Architecturally Sound

Orange County can match LA County building for building

Everyone who doesn't live here thinks Orange County is so new—and some of it is. Like one of its nearest neighbors to the north, Long Beach, Orange County is just now being built out. The suburbs are finally running out of room, and visionary tyrants like Mike Harrah are starting to revitalize historic downtown districts in cities such as Santa Ana, Fullerton and Orange. Historic downtowns? You probably know Orange County from what you see on TV (that'd be Manhattan Beach) or else the parts that did come later, like Irvine, San Clemente and Mission Viejo. As master-planned, Spanish-style and '70s as they are, these three cities have come to architecturally define the whole county to many people—when in reality Orange County has as many historical buildings as Los Angeles County.

LA could have beaten us with what came before—the crazy Victorian mansions of Bunker Hill, the awesome Irving Gill moderns and the countless bungalows that are still being demolished. The fact is neither county has much left from before the turn of the last century. And in this century, we're even.

Start with Santa Ana, its original red-brick courthouse and its massive mansions along Broadway, in tidy residential districts such as French Park and its unofficial offspring to the northeast, Floral Park. Floral Park came right after French Park; it was where the children of French Park residents moved. French Park, with its Victorian, Craftsman and Foursquare-style homes is amazing, but Floral Park is where the Maharajah of India had people build him a house in 1938—a house with slit windows near the door so his servants could see who was out there.

The original Santa Ana courthouse is amazing—but so is its replacement: one of the final commercial projects the great midcentury modern architect Richard Neutra did. It finished the '60s for him and was one of his last gasps of greatness. You may never haveto come here, but you should see it. It needs work; the ceilings are stained with water damage and—ironically—the reflecting pool outside hasn't been filled in years, but all that extruded aluminum makes for great bones.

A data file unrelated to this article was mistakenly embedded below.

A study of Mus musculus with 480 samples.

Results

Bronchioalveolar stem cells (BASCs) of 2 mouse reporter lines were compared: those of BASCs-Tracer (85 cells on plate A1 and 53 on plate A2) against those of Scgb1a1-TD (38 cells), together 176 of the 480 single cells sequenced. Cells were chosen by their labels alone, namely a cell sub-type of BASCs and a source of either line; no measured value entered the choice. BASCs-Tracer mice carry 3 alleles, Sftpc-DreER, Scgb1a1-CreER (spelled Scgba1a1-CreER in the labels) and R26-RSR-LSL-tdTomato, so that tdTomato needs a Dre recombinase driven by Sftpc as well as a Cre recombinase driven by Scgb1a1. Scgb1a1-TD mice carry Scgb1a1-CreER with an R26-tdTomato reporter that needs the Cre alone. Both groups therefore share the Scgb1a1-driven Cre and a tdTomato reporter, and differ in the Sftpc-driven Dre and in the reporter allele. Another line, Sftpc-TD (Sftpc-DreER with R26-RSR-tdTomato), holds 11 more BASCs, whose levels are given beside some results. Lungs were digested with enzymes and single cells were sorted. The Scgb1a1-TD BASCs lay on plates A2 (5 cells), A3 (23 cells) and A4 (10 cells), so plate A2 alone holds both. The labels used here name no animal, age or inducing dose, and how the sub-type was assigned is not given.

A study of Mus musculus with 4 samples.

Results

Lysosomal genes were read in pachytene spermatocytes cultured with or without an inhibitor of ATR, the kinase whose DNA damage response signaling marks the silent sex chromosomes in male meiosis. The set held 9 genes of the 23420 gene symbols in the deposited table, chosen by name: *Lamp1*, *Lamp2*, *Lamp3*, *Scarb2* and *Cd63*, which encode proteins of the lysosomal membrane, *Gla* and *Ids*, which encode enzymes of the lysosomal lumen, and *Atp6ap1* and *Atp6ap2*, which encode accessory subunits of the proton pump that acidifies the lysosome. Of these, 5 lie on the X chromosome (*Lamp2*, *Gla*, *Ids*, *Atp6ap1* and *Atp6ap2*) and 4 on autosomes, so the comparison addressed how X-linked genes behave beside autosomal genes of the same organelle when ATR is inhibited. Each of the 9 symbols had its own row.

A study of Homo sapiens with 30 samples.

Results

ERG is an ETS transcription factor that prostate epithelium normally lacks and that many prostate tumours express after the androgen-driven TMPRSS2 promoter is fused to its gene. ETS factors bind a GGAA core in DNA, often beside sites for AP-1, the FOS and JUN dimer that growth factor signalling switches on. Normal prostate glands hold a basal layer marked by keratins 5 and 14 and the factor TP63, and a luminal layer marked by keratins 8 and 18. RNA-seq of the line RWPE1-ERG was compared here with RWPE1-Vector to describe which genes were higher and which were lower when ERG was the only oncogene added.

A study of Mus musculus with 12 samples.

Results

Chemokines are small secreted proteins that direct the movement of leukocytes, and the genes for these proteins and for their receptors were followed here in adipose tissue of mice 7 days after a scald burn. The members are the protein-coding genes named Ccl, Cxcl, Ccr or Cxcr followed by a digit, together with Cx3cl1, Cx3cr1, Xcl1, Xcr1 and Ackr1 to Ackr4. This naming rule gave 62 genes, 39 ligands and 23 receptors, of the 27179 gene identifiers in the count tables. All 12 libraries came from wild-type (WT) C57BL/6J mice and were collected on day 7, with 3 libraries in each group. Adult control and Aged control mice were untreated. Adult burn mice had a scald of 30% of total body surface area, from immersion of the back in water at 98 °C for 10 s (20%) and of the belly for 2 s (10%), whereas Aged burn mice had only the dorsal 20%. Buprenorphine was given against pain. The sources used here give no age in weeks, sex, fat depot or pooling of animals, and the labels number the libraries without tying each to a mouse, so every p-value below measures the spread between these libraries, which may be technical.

Then there's Tustin, next door to Santa Ana and home to midcentury exotica artist Josh Agle, a.k.a. Shag, who lives in the Lemon Heights neighborhood. It's impossible not to get lost there, which may be why there are still a few unspoiled midcentury modern homes, with A-frame roofs, wide entry doors, amorphic pools and simple, simple, simple styling.

Orange has that, too; it has entire neighborhoods designed by legendary midcentury modern developer Joseph Eichler, known chiefly for his work here and in the Bay Area. Some of Orange's homes still have their original appliances; others, sadly, have ceded to granite countertops and those hanging cobalt lamps. Go '90s! It's time.

Much of historic Anaheim next door—particularly its business district—was wiped clean by Caterpillars in the '70s and '80s. But it, Orange and Fullerton are all still treasure troves of historic Craftsmans, Foursquares and Victorians—and best of all (unless you're obsessive), many of them mix and match various architectural styles.

We're smaller than LA, true, but hell—we're even tearing stuff down LA-style. Remember the Hollywood All-Star Lanes bowling alley you wrecked, LA? We wiped out Kona Lanes in Costa Mesa, and we'll take credit for Java Lanes in Long Beach, too. The only thing LA County has on us is size—and it looks a lot smaller once you subtract jerkwater burgs such as South Gate, Pomona and especially Simi Valley. Oh, but you can keep 'em, LA. Simi Valley, which indirectly gave us the 1992 riots, didn't even look good when they filmed Poltergeistthere.